Methods and Development Unit Cortical Networks and Cognitive Functions, MPI for Human Cognitive and Brain Sciences, Max Planck Society;
Institute for Biomedical Engineering and Informatics, TU Ilmenau, Germany;

Methods and Development Unit Cortical Networks and Cognitive Functions, MPI for Human Cognitive and Brain Sciences, Max Planck Society;


Nguyen Trong, M., Bojak, I., & Knösche, T. R. (2013). Associating spontaneous with evoked activity in a neural mass model of visual cortex. NeuroImage, 66, 80-87. doi:10.1016/j.neuroimage.2012.10.024.


Cite as: http://hdl.handle.net/11858/00-001M-0000-0010-1108-E
Abstract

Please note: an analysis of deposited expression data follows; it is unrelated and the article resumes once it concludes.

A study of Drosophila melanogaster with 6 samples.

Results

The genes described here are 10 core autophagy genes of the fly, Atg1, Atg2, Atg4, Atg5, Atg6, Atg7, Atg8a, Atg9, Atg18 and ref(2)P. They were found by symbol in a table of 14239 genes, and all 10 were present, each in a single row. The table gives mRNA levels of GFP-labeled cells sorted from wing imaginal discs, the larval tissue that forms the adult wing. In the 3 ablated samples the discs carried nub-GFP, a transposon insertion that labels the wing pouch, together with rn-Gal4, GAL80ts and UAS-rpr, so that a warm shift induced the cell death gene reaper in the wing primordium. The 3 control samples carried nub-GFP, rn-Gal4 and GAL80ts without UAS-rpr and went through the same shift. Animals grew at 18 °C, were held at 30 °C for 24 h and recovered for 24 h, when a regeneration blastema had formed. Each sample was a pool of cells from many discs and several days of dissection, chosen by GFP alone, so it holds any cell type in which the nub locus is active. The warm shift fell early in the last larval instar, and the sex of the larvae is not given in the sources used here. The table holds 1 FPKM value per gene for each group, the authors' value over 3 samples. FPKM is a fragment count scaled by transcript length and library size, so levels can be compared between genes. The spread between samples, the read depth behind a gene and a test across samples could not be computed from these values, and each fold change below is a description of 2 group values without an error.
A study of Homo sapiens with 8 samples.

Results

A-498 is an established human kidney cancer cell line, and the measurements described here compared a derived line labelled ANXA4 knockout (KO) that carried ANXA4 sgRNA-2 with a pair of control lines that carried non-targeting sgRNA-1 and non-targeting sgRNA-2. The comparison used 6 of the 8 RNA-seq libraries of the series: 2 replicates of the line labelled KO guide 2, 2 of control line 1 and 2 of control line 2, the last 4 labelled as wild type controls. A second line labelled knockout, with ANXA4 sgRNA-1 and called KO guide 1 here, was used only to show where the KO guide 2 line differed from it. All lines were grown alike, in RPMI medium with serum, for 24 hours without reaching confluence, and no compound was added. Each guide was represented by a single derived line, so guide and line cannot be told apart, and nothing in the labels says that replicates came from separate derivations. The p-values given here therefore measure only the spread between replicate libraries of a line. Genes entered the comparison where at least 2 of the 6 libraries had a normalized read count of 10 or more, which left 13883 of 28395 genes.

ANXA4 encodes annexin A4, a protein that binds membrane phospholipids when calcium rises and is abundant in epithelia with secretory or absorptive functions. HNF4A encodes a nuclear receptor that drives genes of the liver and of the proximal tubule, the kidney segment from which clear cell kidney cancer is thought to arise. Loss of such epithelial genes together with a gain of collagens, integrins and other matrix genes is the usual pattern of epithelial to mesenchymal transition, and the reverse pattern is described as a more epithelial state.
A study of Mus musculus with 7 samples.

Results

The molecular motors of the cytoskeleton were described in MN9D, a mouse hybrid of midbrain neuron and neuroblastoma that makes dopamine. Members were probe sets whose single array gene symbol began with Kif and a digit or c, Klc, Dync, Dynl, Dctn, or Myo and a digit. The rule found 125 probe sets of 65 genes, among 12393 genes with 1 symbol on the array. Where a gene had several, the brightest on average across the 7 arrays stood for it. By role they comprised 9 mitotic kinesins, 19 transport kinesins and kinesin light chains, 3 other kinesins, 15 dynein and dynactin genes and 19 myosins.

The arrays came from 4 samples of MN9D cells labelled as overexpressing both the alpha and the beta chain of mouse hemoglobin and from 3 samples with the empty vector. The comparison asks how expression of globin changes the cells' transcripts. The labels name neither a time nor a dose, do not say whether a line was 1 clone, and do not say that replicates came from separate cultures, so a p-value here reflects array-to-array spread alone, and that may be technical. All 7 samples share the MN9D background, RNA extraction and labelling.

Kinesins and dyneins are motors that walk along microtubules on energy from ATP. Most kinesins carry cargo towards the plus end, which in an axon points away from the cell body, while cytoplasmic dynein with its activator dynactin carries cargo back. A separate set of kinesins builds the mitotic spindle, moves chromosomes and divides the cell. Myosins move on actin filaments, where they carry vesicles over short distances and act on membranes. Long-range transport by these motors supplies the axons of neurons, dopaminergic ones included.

Spontaneous activity of the brain at rest frequently has been considered a mere backdrop to the salient activity evoked by external stimuli or tasks. However, the resting state of the brain consumes most of its energy budget, which suggests a far more important role. An intriguing hint comes from experimental observations of spontaneous activity patterns, which closely resemble those evoked by visual stimulation with oriented gratings, except that cortex appeared to cycle between different orientation maps. Moreover, patterns similar to those evoked by the behaviorally most relevant horizontal and vertical orientations occurred more often than those corresponding to oblique angles. We hypothesize that this kind of spontaneous activity develops at least to some degree autonomously, providing a dynamical reservoir of cortical states, which are then associated with visual stimuli through learning. To test this hypothesis, we use a biologically inspired neural mass model to simulate a patch of cat visual cortex. Spontaneous transitions between orientation states were induced by modest modifications of the neural connectivity, establishing a stable heteroclinic channel. Significantly, the experimentally observed greater frequency of states representing the behaviorally important horizontal and vertical orientations emerged spontaneously from these simulations. We then applied bar-shaped inputs to the model cortex and used Hebbian learning rules to modify the corresponding synaptic strengths. After unsupervised learning, different bar inputs reliably and exclusively evoked their associated orientation state; whereas in the absence of input, the model cortex resumed its spontaneous cycling. We conclude that the experimentally observed similarities between spontaneous and evoked activity in visual cortex can be explained as the outcome of a learning process that associates external stimuli with a preexisting reservoir of autonomous neural activity states. Our findings hence demonstrate how cortical connectivity can link the maintenance of spontaneous activity in the brain mechanistically to its core cognitive functions.